Sand Problems Halt Work at Leaky Lake Okeechobee Dike

Wed June 21, 2006 - Southeast Edition

Work on the project was halted in late May, according to an official with the U.S. Army Corps of Engineers. Engineers were trying to fortify the dike by cutting into it and inserting a clay material called bentonite, which expands when wet to form a barrier.

Steve Duba, the corps’ chief of engineering, said that the dike’s sandy nature created problems that weakened work being done.

“We call it a slowdown,” corps spokeswoman Nanciann Regalado said. “I can’t tell you how much the project will be delayed at this point. I can’t tell you how much the extra costs will be.”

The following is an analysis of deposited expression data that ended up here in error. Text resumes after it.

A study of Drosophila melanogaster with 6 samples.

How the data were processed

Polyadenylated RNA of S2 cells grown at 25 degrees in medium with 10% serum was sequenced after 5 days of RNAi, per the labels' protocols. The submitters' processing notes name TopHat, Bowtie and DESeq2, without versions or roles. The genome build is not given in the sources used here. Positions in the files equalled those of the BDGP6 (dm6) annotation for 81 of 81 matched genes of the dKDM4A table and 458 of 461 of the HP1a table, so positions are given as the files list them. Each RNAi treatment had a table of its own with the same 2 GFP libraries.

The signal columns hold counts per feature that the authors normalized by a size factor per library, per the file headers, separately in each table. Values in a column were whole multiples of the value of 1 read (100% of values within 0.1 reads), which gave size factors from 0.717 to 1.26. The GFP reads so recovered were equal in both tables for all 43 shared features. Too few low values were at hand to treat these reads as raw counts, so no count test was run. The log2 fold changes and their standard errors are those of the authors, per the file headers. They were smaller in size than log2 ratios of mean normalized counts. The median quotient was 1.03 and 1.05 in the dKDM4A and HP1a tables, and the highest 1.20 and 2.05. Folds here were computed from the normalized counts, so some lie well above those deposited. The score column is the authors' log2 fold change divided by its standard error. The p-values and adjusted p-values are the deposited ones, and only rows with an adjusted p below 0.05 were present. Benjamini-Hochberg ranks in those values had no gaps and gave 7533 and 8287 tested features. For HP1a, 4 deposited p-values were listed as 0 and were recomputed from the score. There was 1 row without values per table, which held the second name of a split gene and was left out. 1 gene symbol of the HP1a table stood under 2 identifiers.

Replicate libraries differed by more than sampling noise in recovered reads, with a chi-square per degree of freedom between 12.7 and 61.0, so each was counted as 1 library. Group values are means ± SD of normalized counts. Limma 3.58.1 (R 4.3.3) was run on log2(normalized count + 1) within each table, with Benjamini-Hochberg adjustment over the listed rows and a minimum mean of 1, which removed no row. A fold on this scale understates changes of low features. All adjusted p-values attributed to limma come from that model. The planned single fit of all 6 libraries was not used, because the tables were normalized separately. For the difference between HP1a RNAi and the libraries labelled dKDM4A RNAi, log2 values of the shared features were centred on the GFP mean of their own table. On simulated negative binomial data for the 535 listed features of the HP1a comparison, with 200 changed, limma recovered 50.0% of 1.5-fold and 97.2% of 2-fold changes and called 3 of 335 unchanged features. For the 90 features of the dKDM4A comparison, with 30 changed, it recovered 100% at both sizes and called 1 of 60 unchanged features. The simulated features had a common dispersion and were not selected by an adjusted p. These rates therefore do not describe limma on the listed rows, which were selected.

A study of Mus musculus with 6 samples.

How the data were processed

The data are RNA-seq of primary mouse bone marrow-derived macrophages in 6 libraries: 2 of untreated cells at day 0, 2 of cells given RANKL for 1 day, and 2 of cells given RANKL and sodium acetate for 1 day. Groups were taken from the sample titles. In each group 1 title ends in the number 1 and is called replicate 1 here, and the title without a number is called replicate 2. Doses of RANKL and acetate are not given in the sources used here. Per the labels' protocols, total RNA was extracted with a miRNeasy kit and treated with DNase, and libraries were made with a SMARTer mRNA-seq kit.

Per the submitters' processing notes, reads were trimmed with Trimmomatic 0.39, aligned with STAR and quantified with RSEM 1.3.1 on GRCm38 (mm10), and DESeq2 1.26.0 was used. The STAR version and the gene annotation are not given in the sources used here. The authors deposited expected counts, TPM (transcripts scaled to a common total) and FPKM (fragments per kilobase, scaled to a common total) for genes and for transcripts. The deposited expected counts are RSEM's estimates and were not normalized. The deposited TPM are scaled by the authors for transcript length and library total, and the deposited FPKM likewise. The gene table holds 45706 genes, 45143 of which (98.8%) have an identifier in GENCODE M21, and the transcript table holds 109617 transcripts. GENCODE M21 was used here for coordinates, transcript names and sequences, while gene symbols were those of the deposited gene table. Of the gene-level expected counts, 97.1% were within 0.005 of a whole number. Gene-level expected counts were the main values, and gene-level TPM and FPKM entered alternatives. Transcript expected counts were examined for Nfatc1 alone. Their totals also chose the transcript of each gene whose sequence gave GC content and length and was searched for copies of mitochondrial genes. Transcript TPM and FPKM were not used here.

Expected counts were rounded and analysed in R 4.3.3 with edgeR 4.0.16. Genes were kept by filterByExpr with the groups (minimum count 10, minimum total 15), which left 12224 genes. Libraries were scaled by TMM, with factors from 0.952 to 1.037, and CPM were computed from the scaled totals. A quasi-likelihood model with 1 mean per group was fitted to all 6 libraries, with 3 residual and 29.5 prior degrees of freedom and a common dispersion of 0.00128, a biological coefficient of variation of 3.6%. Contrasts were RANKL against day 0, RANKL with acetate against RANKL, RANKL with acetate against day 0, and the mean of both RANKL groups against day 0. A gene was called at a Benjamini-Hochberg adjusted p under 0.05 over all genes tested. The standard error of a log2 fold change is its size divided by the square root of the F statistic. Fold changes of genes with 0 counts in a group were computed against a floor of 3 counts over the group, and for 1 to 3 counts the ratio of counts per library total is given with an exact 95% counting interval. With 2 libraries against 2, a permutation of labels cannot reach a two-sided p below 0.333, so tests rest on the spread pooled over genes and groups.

The corps is considering other methods of embedding a 36-ft.-tall (11 m), 2-ft.-thick (0.6 m) concrete wall inside and under the dike, Duba said. The project had been scheduled to be finished in March and was supposed to be the first stage of a larger $300 million upgrade of the entire 143-mi.-long (230 km) dike.

Approximately 6,000 ft. (1,800 m) of work done by the corps’ contractor will now likely have to be torn out, Duba said.

The dike around the lake in the heart of Florida’s Everglades was built in the 1930s after a powerful hurricane and flood killed an estimated 2,500 people. It has been the focus of scrutiny since May, when state-commissioned experts found the structure is highly vulnerable to breaches caused by hurricanes and heavy rains.

The experts had criticized the repair project, saying that the work might worsen the dike’s leak problems.

The experts’ report prompted Gov. Jeb Bush to order state and local emergency managers to craft a mass evacuation plan for up to 60,000 residents living in the potential flood zone near the lake. Federal, state and local officials met mid-June to discuss the plan.